Written by Thushari Perera
“Dastaar”, a ten-minutes long film, directed by Javian Ashton Le freely available on Vimeo, tackles an issue insufficiently explored by our mainstream film industry: Islamophobia and discrimination against ethnic minorities post 9/11.
The film was produced well before Donald Trump decided to run for US presidency, the “Muslim Ban”, and the post-Brexit rise in hate crime in the UK.
“Dastaar”, the title of the film, is said to refer to the turban, an article of faith among Sikhs that represent devoutness, valour and integrity. The main characters of this film are Harpreet (Sathya Sridharan), a Sikh-American and his white girlfriend Emily (Olivia Gilliatt). The plot centres on their car journey to see Harpreet’s father, who was hospitalised after an assault in New York.
The film, with its eerie atmosphere, compels the unaware to consider how easy Black, Asian and Minority Ethnic (BAME) people can involuntarily get into trouble even when we are only going about our daily businesses (e.g. shopping, travelling etc.).
According to the Washington Square News, NYU Alum Javian Ashton Le’s film was inspired by conversations about Islamophobia with his roommate, who has experienced it first-hand, as many other Sikhs in the US who are mistaken for Muslims.
In the UK, after years of campaigning by organisations as the Institute of Race Relations and charities focusing directly on racial violence as the Monitoring Group and Tell MAMA (anti-muslim hate crime), mainstream media reporting on racial violence and Islamophobia appears to have increased, especially after the recent terrorists’ attacks in the UK and Brexit.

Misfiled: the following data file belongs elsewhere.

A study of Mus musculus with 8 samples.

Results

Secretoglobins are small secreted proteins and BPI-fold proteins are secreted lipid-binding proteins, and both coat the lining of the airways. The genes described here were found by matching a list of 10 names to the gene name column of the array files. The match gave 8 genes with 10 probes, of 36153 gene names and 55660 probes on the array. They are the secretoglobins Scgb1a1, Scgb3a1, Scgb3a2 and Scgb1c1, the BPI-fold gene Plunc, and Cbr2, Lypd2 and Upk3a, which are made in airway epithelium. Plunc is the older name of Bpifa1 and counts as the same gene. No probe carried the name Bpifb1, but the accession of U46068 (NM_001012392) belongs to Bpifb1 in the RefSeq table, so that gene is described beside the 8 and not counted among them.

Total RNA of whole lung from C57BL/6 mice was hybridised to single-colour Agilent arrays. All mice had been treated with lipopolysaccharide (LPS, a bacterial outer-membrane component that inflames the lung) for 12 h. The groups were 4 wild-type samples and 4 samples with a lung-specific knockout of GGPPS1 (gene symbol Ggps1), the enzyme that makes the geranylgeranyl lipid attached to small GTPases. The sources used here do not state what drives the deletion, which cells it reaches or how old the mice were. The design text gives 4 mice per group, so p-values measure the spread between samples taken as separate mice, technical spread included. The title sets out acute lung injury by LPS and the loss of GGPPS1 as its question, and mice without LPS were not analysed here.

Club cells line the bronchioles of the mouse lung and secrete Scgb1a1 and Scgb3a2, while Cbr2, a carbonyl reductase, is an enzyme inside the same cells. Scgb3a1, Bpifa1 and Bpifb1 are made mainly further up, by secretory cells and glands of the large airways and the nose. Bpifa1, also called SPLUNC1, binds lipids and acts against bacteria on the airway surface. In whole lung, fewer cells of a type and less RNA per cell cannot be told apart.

Advice and guidance on how to report hate crime are also easier to find online: see for instance the Equality and Human Right Commission (EHRC). There is also more occasional media interest in brutal racist attacks as the one endured by asylum seeker Reker Ahmed (that left him with a blood clot on his brain and a fractured skull), although more community-led research on racial violence is often marginalised.
Beyond numbers and statistics, what is still lacking is a wider media engagement on the pervasiveness of “everyday racism” that perhaps only a film can deliver. It is exactly what this film by talented US director Javian Ashton Le skilfully achieves, and that is the main strength of the film.
There is not, as far as I know, a large number of films that tackles Islamophobia, except perhaps independent or crowdfunded films that are starting to emerge, especially in the US. In the UK, the debate on how to improve the lack of media diversity is still at its infancy, as well as its corollary, funding. As British actor Riz Ahmed would say, our visual heritage is more likely to be plagued by negative portrayals of Muslims.
I cannot really find any weaknesses in this independent film, which I suspect had a small budget, except perhaps that it is too short.
With the sharp rise in far-right movements and a punitive anti-migrant mood in the UK, mainland Europe and the US, I wholeheartedly recommend you all to watch this subtle and haunting short film, as it has an international resonance and it is a good starting point for a greater dialogue on panethnic solidarity.